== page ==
US Geological Survey


Date of this Version



Published in GEOPHYSICAL RESEARCH LETTERS, VOL. 31, L12S01, doi:10.1029/2004GL020688, 2004


The San Andreas Fault Observatory at Depth (SAFOD) is a comprehensive project to drill into the hypocentral zone of repeating M ~ 2 earthquakes on the San Andreas Fault at a depth of about 3 km. The goals of SAFOD are to establish a multi-stage geophysical observatory in close proximity to these repeating earthquakes, to carry out a comprehensive suite of downhole measurements in order to study the physical and chemical conditions under which earthquakes occur and to exhume rock and fluid samples for extensive laboratory studies. In the vicinity of SAFOD, the San Andreas is moving through a combination of aseismic creep and repeating microearthquakes (Figure 1). SAFOD is one element of the National Science Foundation’s (NSF) new EarthScope initiative (see Drilling, testing and instrumentation of SAFOD is beginning in the summer of 2004 and will be completed in 2007, with fault-zone monitoring activities scheduled to continue for at least 20 years. An overview of the generalized drilling, sampling, testing and monitoring plan for SAFOD can downloaded at

SAFOD will provide new insights into the composition and physical properties of fault zone materials at depth and the constitutive laws governing fault behavior. Even after decades of intensive research, numerous fundamental questions about the physical and chemical processes acting within the San Andreas and other major plate-bounding faults remain unanswered. SAFOD also will provide direct knowledge of the stress conditions under which earthquakes initiate and propagate. Although it is often proposed that high pore fluid pressure exists within the San Andreas Fault Zone at depth and that variations in pore pressure strongly affect fault behavior, these hypotheses are unproven and the origin of overpressured fluids, if they exist, is unknown. As a result, myriad untested laboratory and theoretical models related to the physics of faulting and earthquake generation fill the scientific literature. Drilling, sampling and downhole measurements directly within the San Andreas Fault Zone will substantially advance our understanding of earthquakes by providing direct observations of the composition, physical state and mechanical behavior of a major active fault zone at hypocentral depths. In addition to retrieval of fault zone rocks and fluids for laboratory analyses, intensive downhole geophysical measurements and long-term monitoring are planned within and adjacent to the active fault zone. Observatory-mode monitoring activities will include near-field, wide-dynamic-range seismological observations of earthquake nucleation and rupture as well as continuous monitoring of pore pressure, temperature and strain during the earthquake cycle. Directly evaluating the roles of fluid pressure, intrinsic rock friction, chemical reactions, in situ stress and other parameters in the earthquake process will provide the information needed to simulate earthquakes in the laboratory and on the computer using representative fault zone properties and physical conditions.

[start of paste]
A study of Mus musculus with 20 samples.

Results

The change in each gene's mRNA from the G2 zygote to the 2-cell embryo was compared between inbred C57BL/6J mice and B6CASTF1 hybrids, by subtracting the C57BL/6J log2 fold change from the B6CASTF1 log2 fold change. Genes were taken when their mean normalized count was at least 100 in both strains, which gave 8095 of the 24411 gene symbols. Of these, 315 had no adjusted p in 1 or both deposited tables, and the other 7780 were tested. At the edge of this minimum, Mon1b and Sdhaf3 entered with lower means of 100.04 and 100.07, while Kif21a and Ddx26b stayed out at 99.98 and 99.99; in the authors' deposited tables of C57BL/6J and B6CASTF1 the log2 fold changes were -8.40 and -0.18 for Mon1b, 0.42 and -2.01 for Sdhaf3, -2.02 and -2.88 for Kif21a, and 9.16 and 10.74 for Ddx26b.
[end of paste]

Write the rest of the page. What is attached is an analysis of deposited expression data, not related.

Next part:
In preparation for SAFOD, an extensive suite of geophysical site investigations has been conducted around the drill site and across the San Andreas Fault. In addition, a 2.2-km-deep vertical pilot hole was drilled at the SAFOD site in the summer of 2002. This special section of Geophysical Research Letters, which is split into two separate issues of the printed journal, presents results from these site investigations together with geological and geophysical studies conducted in the SAFOD pilot hole. The first of these print issues presents nine papers discussing surfacebased and downhole investigations of earthquakes and large-scale crustal structure. The second print issue presents ten papers on the thermomechanical setting of the San Andreas Fault together with laboratory and in situ investigations of physical properties and mineralogy from the SAFOD pilot hole. In this introductory article, we present background material that will help place these papers in the broader perspective of the overall SAFOD project. (For the sake of brevity, no references are cited in this article, aside from a citation to the geophysical model shown in Figure 2. Instead, the relevant references are cited in papers contained within this special section).